It might be the reason for the rise in 16-year-olds who are not in education, employment or training
A sharp fall in the number of 16-year-olds taking up Intermediate Apprenticeships is being blamed for a startling rise in people of that age who are not in education, employment or training (NEETS).
Provisional participation figures for 2017 published by the Department for Education this month that the proportion of 16-year-olds that are NEET has risen (0.7 percentage points to 3.9%) for the first time since the end of 2011.
It is also the first increase in this group since the government’s “Raising of the Participation Age” policy came into force – requiring all young people to continue in education or training to 17 from 2013 and to 18 from 2015.
The rise seems to be directly related to the number of 16-year-olds participating in Intermediate Apprenticeships (Level 2).
There were 2% fewer 16-year-olds overall in England, but the fall in apprenticeship participation was far greater at nearly 12%, from 23,700 to 20,900, of which it was an 18% fall at Level 2 (from 18,100 to 14,900).
In terms of the age 16 NEET group, this rose by a shocking 20%, from 19,500 to 23,400.
The chief executive of the Association of Employment and Learning Providers (AELP), Mark Dawe said, told FE Week: “Once again we predicted this would happen when the government announced that we would move to the same funding rate for all ages.
“We also said that that £1,000 employer incentive for 16-18 year olds across the length of an entire programme would be insufficient for many sectors.
The fall in apprenticeship take up among 16-year-olds is: "Troubling given that far fewer young people in the UK are undertaking an apprenticeship than in other countries. We must do better if we are to ensure that today’s young people have a strong foundation of skills and experience on which to build rewarding careers.”
“The minister acknowledged at the AELP conference on Monday that Brexit has to be a consideration in the government’s thinking and sectors like care, hospitality and retail are going to be badly affected unless the entire funding system for 16- to- 24-year-old apprentices is reviewed immediately.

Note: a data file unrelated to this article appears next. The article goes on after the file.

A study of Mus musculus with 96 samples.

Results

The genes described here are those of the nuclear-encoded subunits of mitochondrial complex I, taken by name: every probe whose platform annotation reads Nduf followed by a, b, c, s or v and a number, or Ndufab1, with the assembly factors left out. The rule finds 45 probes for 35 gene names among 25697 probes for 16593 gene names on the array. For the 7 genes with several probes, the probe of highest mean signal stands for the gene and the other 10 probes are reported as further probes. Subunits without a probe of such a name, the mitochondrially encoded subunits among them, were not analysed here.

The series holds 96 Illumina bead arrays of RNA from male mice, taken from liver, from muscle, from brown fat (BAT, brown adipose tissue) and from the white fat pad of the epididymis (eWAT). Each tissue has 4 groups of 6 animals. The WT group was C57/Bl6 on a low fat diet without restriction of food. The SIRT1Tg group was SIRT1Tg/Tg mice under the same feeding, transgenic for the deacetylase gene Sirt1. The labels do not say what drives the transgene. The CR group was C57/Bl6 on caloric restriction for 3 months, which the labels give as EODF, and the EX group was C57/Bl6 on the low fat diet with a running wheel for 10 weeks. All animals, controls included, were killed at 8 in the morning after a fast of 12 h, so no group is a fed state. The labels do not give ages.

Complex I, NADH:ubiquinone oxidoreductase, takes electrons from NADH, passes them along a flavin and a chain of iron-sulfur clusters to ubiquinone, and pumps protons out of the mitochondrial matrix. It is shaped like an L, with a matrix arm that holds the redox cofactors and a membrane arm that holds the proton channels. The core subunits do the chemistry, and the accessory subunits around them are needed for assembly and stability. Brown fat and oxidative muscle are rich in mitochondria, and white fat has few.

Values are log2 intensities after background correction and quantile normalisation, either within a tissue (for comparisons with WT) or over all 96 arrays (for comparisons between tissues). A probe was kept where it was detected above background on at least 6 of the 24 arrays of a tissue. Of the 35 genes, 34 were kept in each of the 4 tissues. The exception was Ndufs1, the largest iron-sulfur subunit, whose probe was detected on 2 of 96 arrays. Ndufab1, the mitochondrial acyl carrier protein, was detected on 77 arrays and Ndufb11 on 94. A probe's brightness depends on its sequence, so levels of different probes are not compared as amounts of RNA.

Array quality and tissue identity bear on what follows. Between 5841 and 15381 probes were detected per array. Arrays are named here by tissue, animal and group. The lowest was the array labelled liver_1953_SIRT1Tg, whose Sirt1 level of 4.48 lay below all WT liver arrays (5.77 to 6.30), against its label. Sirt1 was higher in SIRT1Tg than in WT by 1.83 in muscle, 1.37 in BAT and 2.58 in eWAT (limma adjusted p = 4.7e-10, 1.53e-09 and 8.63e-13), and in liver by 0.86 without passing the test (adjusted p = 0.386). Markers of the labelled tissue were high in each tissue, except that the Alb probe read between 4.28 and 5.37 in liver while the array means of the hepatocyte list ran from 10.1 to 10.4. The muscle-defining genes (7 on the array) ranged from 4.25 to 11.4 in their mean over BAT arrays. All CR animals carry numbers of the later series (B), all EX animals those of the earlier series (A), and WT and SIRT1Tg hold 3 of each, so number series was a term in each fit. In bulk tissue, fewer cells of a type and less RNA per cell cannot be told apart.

“The lack of action also totally undermines the government’s claims to be serious about social mobility.”
Stephen Evans, chief executive of the Learning and Work Institute, said the figures were “disappointing”.
“It is disappointing to see a rise in the proportion of 16-year-old NEETs. Our research shows that young people spending a longer time NEET account for a higher proportion of the NEET figures, with particularly shocking outcomes for groups such as care leavers. We need action to make sure these figures are a one-off and not the beginning of a trend.”
He added that the fall in apprenticeship take up among 16-year-olds is “also troubling given that far fewer young people in the UK are undertaking an apprenticeship than in other countries.
“We must do better if we are to ensure that today’s young people have a strong foundation of skills and experience on which to build rewarding careers.”
A DfE spokesperson said: “Today’s data shows that the proportion of 16-17 year olds in education and apprenticeships has remained relatively stable and is now at the highest level since consistent records began.
“We have put in place a comprehensive programme of reforms, both pre- and post-16, to improve the quality of young people’s education and support them to participate.”